They say that through every crisis comes an opportunity. And though it would be premature to describe Manchester United’s current injury problems in such extreme terms, they may present Mason Greenwood with a chance worth taking.
Greenwood was surprised by that figure when it was put to him upon the announcement of his new deal. “I didn’t even realise I’d played that many games. I thought it was a bit less than that,” he said. He is likely to hit a century before his 20th birthday.
It has been a remarkable rise, but the majority of Greenwood’s minutes have come out of his natural position and as a stop gap in a role that United have long struggled to fill.
The lack of an established presence on United’s right wing dates back to Nani’s departure and Antonio Valencia’s conversion to a full-back some seven years ago. Things could have finally changed last summer, but the pursuit of Jadon Sancho proved unsuccessful.
Ole Gunnar Solskjaer has instead had to mend and make do this season. Marcus Rashford has looked uncomfortable when deployed there in recent weeks. Juan Mata and Daniel James have never been able to take their opportunities to hold the spot down.
Amad, the £37m teenage signing from Atalanta, may prove to be the long-term solution and is close to making his first appearance but even so, he will have to be eased in. For now, Greenwood has the misfortune of being the best fit.
“I don’t mind,” he insisted on Wednesday, when asked about his deployment out on the right. “I could play anywhere across the front three, I can play on the right, up front and even sometimes on the left.
“For me it’s just about adapting into any position I go in. If it’s up front or on the right I don’t really mind really, I’ll take it as they come.”
Solskjaer sees even more possibilities for him. “Mason was a bit shy there because he can play No 10 as well, as a shadow striker,” he insisted. “We just have to give him time to find his final position. He’s a forward who moves really well along the line at the moment.”
That might be true, but nearly two years on from his debut, it is difficult to look at Greenwood and see anything but a natural born centre-forward.
His most eye-catching talents are his preternatural finishing and his capacity to shoot with both feet, which makes him not only a lethal but unpredictable presence for opposition defences to manage.
That was what stood out during his breakthrough season last year when, even while playing from the right wing, he was scoring every 152 minutes he played.
This season, the goals have dried up somewhat. His equaliser in the FA Cup fourth round defeat of Liverpool was only his fourth of the campaign, and this has placed greater scrutiny on other aspects of his game.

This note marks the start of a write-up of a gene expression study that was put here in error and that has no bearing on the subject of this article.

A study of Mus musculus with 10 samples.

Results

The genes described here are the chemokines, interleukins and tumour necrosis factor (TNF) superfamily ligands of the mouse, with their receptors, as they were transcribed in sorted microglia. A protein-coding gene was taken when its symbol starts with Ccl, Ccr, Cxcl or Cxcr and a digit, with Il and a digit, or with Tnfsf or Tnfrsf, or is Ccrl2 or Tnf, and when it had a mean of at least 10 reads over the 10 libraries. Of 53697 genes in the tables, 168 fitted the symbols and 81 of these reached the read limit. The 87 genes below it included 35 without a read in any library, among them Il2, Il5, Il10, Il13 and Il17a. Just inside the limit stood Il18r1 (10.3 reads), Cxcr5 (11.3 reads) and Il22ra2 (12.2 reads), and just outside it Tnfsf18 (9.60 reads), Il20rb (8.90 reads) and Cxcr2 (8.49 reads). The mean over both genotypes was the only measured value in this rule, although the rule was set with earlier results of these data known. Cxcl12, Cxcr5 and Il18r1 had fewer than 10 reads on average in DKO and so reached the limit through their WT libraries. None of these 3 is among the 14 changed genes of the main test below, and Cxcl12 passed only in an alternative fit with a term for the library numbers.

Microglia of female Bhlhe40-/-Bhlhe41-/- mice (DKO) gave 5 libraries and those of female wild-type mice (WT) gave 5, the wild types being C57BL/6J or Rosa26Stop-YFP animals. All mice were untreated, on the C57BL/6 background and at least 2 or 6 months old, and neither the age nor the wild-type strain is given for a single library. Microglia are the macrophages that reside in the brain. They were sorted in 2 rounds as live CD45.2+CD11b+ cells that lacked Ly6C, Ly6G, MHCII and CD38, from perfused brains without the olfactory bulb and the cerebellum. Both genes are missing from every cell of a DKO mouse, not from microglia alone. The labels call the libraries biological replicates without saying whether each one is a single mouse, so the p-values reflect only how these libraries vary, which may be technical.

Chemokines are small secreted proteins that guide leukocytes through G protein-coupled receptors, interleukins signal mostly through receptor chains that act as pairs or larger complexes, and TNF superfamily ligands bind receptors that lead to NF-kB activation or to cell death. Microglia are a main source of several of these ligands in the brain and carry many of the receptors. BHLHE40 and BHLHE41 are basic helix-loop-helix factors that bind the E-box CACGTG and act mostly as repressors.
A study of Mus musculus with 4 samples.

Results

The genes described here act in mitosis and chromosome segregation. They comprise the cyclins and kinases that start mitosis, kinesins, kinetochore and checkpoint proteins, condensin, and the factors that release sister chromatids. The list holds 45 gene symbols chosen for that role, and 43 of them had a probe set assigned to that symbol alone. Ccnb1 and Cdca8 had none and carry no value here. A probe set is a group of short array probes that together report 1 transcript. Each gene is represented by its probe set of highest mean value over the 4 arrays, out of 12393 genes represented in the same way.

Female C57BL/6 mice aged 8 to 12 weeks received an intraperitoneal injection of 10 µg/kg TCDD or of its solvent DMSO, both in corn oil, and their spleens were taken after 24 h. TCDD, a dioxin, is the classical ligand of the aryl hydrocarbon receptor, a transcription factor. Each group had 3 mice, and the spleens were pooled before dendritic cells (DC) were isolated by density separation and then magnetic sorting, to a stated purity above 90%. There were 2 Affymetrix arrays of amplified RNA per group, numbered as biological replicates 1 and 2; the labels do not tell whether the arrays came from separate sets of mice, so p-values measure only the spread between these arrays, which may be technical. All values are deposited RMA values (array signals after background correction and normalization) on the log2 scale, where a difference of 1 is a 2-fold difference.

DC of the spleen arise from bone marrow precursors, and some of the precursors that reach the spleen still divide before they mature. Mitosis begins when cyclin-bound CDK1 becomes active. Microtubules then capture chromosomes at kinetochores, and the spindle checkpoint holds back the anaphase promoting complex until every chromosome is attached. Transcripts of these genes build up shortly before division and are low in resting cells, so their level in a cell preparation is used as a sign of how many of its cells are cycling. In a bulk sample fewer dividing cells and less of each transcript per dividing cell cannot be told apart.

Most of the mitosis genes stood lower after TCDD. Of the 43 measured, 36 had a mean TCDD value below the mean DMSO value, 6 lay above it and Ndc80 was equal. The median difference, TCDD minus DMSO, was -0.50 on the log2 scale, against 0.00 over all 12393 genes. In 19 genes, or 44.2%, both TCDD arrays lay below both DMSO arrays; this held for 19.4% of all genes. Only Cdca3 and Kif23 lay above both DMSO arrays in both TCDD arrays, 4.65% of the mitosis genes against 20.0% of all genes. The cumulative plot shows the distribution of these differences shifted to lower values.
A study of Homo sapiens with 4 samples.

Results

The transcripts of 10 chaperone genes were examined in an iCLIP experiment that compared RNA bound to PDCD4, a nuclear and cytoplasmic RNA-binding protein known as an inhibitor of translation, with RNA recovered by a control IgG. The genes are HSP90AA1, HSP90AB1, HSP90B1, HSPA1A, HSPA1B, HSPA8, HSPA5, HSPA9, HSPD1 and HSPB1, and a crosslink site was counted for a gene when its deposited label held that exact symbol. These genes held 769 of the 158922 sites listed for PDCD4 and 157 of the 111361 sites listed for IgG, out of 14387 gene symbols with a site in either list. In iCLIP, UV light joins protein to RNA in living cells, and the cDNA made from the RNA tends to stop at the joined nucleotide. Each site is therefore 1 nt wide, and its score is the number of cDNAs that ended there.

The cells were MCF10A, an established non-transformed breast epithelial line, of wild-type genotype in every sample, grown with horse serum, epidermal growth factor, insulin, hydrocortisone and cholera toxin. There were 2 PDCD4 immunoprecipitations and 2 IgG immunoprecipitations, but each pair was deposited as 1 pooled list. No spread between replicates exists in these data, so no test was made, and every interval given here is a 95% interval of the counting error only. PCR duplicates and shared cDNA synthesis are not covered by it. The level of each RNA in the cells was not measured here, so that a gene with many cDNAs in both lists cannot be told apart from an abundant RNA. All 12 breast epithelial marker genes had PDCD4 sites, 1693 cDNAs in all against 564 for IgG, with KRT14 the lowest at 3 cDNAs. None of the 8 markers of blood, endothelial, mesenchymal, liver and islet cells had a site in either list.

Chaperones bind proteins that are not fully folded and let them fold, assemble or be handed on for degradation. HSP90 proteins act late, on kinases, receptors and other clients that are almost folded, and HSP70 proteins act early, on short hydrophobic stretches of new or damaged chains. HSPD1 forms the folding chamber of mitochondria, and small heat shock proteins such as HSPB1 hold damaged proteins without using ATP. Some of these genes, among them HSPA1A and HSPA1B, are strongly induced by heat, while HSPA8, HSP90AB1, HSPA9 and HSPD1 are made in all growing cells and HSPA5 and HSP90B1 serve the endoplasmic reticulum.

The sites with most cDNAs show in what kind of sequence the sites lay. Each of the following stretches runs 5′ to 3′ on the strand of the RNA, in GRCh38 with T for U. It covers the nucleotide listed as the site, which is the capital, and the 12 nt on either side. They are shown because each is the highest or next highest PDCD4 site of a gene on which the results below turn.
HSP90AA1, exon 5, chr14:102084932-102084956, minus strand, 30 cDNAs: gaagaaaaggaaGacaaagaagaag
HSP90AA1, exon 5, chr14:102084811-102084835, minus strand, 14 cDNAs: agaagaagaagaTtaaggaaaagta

When it comes to build-up play, setting up team-mates with shooting opportunities and all-round creativity at senior level, he is still learning and developing.
Solskjaer made a point of mentioning how Greenwood’s general play has improved on Tuesday, but it remains the case that United’s attack is heavily lop-sided. Only 31% of their forays forward come down the right, the lowest proportion of any Premier League side.
Greenwood playing out of position is far from the only factor in that and if anything, he has coped admirably well for a teenager who is more comfortable when converting chances rather than creating them.
Edinson Cavani – like Donny van de Beek – will be staying in Manchester due a muscular injury, while Anthony Martial’s fitness is set to be assessed in the hours before the early evening kick-off.
If Martial is unavailable, the United manager will be left with little option but to choose between either Rashford or Greenwood as a central striker, or potentially play both as a pair.
Solskjaer suggested on Tuesday that he has shied away from playing Greenwood up front in the past because of his age and relatively slight build. “Sometimes you don’t want to be right up in the mix and in the middle with the big brutal centre backs next to you,” he said.
But now, with a new contract signed and United’s usual focal points either half-fit or unavailable, it may be time to give Greenwood more of an opportunity in the role he is destined to fulfill one day.
United have an exciting, young centre-forward on their hands – perhaps one of the best out-and-out finishers of his generation – and through this mini injury crisis, they also have an opportunity to remind everyone of that.